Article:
Criminal Procedure Maryland

The procedure involves from committal of a crime till conviction or aquital of the defendant are as follows:
  1. Reporting to the local police: When a crime is committed against some one the first step is reporting the crime to the local police department.
  2. The reporting of the incident makes it a matter of record.
  3. Investigation by the police: The police depending upon the nature of the incident as complained conduct the investigation. If it is found sufficient grounds to file charge against the person accused then the Police files the charge with the District Court Commissioner.
  4. Reporting to the District Court Commissioner: If the police do not conduct an investigation or file charges, an application may be filed for Statement of Charges on with a District Court commissioner.
  5. The District Court commissioner, a judicial officer, reviews the Application for Statement of Charges to decide if sufficient evidence exists to charge the defendant (the person accused) with a crime (probable cause).
  6. Issue of charging document through summon or warrant: If there is reason to believe that the person accused of committing the crime and there is probable cause, a charging document is issued under oath of the person complaining. The commissioner then issues either a summons for the defendant to appear in court at a later date or a warrant for the arrest of the defendant.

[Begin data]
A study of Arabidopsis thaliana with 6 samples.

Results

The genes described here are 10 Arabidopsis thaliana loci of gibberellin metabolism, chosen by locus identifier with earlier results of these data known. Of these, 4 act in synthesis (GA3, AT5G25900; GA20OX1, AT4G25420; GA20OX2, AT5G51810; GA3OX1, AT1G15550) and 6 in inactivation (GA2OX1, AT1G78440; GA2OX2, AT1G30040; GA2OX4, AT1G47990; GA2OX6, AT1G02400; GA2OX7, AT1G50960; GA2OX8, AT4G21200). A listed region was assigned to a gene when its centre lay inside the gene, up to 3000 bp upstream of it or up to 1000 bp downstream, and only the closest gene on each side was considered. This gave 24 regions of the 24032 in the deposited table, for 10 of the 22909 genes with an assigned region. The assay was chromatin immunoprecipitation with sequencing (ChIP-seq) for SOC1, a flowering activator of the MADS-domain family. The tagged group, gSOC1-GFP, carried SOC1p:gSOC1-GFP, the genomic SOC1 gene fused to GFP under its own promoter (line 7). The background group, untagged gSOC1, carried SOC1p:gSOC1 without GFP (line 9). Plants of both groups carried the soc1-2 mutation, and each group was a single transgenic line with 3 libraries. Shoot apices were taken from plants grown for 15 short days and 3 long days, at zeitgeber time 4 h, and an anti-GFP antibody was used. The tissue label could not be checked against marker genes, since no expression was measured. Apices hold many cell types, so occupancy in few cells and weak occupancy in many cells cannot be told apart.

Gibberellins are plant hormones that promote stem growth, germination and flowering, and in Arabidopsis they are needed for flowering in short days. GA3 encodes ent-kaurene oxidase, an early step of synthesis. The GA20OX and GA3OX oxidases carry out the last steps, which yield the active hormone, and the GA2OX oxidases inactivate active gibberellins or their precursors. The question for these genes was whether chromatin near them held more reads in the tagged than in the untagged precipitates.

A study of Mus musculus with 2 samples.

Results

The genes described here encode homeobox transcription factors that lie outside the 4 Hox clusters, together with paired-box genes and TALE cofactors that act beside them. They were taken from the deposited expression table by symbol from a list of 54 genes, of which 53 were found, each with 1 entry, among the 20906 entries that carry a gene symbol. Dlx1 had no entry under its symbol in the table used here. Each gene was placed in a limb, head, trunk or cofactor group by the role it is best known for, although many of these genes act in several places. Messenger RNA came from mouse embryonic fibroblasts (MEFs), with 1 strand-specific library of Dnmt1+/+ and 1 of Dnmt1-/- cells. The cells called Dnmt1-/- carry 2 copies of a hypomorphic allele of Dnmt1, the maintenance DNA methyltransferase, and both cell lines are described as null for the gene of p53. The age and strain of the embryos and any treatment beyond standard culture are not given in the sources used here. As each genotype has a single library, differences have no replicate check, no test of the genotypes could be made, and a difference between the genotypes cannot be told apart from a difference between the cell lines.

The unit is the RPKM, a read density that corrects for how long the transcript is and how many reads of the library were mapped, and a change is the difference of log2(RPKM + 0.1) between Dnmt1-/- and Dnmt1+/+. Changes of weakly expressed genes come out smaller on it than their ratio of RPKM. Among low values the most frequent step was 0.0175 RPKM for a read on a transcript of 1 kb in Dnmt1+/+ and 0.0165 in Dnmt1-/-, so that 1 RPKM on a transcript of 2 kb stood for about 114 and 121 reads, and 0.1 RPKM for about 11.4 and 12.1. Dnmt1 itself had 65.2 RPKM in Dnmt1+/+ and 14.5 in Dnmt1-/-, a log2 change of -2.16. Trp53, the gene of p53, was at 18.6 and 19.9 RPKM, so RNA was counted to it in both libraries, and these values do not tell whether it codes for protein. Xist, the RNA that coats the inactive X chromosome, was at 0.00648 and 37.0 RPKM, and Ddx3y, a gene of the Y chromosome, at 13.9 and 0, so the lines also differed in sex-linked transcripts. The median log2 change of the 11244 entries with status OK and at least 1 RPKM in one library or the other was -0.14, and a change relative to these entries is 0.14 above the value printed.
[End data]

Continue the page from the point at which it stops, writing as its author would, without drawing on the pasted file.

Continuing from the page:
7. A charging document may be issued either by
    1. Citation or
    2. Criminal Information

"Citation" means a written charging document that a police officer or fire marshal issues to a defendant, alleging the defendant has committed a crime.

  1. Service of summons: If a summons is issued, a law enforcement officer authorized to serve the summons will attempt to do so. "Serving" the summons, means delivering it to the defendant.
  2. Arrest on warrant: If a warrant is issued, the document will be given to the law enforcement agency responsible for finding and arresting the accused person.
  3. Preliminary Hearing: Upon arresting or on service of summon the person appears before the District court for the preliminary hearing.
  4. A preliminary hearing is a proceeding held in the District Court to determine if probable cause exists to charge you with a crime.
  5. The defendant has the right to hear the evidence against him/her and to cross-examine the state's witness.
  6. If the court finds no probable cause, charges may be dismissed.
  7. TRIAL: In a criminal case tried in a court of general jurisdiction, there is no right to a jury trial unless:
    1. the crime charged is subject to a penalty of imprisonment; or
    2. there is a constitutional right to a jury trial for the crime.
  8. After examining the witness(es) and evidence laid down before the court the court pronounce its judgment and either release or convict the defendant.
  9. Date: The date for trial of a criminal matter in the circuit court shall be set within 30 days after the earlier of:
    1. the appearance of counsel; or
    2. the first appearance of the defendant before the circuit court, as provided in the Maryland Rules.
  10. The trial date may not be later than 180 days after the earlier of those events.


  1. The District Court hears most cases involving motor vehicle violations, criminal misdemeanors and certain felonies.
  2. The circuit court hears cases involving serious felony crimes.